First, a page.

Amenities take shape at Camp Creek in Walton County
Expansion includes a 75-room boutique inn, pro shop, pools, fitness center, dining options
Manny Belete, a native of Kenya, conducted as a young man wildlife tours in untamed parks and reserves that were home to big cats and other celebrated beasts.
But Belete years ago traded Range Rovers for off-road vehicles of a different, quieter sort. This week, I joined Belete in a golf cart, and we toured the 28-acre, $70 million amenities expansion under construction at the St. Joe Company’s Camp Creek development in Walton County.
For Belete, his arrival as general manager at Camp Creek in February of this year represented a return to Florida. For six years beginning in January 2010, he managed the Bull & Bear restaurant at the Waldorf Astoria in Orlando before moving offshore. He was the director of food and beverage at Baker’s Bay Golf and Ocean Club at Abaco in the Bahamas and moved on to become clubhouse manager at the Mid Ocean Club, a golf course in Bermuda.
He was in Bermuda when a friend called him to make him aware of the opening at Camp Creek. With international travel shut down, it sounded like a good play.
Belete may be more of a front-of-the-house habitué than a back-nine guy. His experience runs to menu development, fine dining and restaurant management, and he looks like someone whose golf swing on a good day might resemble that of John Daly and, on a bad day, that of Charles Barkley.
“I’m a recreational golfer,” Belete freely admits. “I’m not good enough to get frustrated.”
Still, Belete looks comfortable in his new surroundings. He describes the amenities coming out of the ground with enthusiasm that suggests he is well aware of the specialness that the Camp Creek opportunity represents. Soon, the Camp Creek golf course will be joined by many additional play stations and still another place to stay.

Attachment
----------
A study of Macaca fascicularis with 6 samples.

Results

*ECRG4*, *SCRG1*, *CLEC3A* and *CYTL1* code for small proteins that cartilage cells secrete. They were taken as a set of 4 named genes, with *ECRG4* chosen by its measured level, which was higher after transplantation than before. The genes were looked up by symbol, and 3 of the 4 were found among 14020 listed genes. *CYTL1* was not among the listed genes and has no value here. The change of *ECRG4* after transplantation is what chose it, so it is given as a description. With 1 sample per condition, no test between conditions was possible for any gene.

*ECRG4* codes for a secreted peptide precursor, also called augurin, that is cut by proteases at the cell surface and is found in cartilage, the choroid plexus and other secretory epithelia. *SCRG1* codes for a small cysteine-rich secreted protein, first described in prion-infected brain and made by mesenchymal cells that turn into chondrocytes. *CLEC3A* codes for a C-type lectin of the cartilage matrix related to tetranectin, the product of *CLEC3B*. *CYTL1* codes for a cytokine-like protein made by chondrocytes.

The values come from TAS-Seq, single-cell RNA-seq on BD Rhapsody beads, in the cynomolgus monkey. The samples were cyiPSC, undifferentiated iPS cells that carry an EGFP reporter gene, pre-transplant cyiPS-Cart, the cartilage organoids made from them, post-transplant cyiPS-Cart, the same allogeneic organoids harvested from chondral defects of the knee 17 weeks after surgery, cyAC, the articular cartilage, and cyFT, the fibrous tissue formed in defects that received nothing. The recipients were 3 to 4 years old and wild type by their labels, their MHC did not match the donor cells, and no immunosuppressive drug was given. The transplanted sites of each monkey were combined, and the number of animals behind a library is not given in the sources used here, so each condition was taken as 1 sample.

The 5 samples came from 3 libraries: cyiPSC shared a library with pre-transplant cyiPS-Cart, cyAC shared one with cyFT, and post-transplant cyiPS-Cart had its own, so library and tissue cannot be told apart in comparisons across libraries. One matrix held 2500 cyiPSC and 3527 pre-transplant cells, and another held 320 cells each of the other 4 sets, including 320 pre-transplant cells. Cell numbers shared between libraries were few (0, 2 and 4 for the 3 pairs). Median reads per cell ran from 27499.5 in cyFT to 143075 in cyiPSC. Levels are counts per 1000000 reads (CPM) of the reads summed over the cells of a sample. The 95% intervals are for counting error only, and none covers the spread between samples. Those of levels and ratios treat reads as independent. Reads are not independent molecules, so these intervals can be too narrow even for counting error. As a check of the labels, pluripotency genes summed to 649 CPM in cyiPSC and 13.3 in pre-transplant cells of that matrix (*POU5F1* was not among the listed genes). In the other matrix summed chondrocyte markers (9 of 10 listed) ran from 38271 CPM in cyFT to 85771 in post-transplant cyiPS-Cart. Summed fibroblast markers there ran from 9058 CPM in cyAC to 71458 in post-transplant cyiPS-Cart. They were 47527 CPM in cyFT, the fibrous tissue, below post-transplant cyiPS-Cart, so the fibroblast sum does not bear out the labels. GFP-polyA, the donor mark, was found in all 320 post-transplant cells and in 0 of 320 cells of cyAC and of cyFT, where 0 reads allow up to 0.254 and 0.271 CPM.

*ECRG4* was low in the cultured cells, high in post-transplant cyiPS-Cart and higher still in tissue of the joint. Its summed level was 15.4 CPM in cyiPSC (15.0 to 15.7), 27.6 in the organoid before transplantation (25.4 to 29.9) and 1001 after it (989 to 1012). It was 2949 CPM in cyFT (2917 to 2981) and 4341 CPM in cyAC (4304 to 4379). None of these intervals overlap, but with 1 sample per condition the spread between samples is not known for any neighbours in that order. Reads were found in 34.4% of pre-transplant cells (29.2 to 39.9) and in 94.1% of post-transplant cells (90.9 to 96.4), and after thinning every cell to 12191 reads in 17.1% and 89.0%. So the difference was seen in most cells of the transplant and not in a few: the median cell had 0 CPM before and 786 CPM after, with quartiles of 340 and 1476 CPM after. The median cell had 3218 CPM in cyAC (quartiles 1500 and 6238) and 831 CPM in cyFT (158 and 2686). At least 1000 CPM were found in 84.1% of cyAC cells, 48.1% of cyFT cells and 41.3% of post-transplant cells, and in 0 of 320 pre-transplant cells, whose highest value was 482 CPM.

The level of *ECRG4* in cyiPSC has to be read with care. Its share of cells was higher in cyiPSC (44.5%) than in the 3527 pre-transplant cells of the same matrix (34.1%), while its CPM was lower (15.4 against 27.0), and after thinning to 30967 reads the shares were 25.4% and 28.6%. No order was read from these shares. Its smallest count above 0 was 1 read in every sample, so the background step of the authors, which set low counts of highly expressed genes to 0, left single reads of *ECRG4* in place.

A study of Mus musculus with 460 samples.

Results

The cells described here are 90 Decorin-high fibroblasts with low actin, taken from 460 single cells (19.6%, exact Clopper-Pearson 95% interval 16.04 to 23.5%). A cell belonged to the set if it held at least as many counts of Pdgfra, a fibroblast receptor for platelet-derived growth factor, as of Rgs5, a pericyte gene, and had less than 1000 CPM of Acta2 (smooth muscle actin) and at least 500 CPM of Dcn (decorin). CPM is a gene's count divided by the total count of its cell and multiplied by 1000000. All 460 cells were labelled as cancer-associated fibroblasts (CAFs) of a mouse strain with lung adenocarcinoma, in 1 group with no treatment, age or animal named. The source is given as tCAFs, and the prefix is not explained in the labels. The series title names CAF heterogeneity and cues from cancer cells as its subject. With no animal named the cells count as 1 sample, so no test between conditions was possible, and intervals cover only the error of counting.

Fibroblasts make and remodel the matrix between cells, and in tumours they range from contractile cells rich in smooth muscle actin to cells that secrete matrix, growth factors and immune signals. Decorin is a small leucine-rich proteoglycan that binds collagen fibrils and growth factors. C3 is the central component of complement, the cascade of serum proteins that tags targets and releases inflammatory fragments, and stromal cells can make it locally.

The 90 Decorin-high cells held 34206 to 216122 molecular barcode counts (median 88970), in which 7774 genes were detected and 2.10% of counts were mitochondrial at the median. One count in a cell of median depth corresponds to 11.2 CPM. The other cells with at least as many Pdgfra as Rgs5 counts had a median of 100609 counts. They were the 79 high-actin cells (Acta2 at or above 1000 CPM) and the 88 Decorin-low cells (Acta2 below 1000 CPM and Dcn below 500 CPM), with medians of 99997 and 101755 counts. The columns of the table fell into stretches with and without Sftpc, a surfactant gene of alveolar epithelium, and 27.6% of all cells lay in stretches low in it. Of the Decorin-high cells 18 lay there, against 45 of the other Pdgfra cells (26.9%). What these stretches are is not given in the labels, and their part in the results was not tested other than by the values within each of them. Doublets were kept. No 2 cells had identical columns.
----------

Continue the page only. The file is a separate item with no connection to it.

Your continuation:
A performance center, where golfers can get their swings analyzed, opened in April of this year. Next spring will bring the opening of a collection of amenities including a 7,500-square-foot fitness center with saunas and steam rooms; an adult lap pool and family pool; a lazy river and waterslide; tennis and pickleball courts; basketball and bocce ball facilities; a kids club; and poolside dining.
The boutique Camp Creek Inn, already framed in, is taking shape just off the golf course. Its ground floor, Belete said, will be devoted to a golf pro shop, bar and restaurants. A total of 75 guest rooms will occupy floors two and three. Guests of the Inn will be entitled to access Watersound Club amenities at Camp Creek, the Watersound Beach Club and the Shark’s Tooth and Camp Creek golf courses.
The amenities will otherwise be available only to Watersound Club members. And, Belete said, plans call for the development of 262 homesites whose benefits as Camp Creek homeowners will include Watersound Club membership.
The Highland Group, whose Florida Panhandle office is located in Panama City Beach, is the general contractor for both the amenities and Camp Creek Inn projects.
Belete said his approach to the hospitality business is grounded in three rules.
“First, be sure that you are part of the guest’s agenda,” he said. “Every agenda is different. Second, build relationships. And, third, remember that gratitude reciprocates.
“We will have fabulous amenities,” Belete continued, “but always it is the people and the culture you create that set you apart.”
Belete said he has been told that the hospitality industry employs 100,000 people in the region.
“We are going to be looking to hire the best 150 at Camp Creek,” he said. “We are building a destination. Come stay with us. Let’s have some fun.”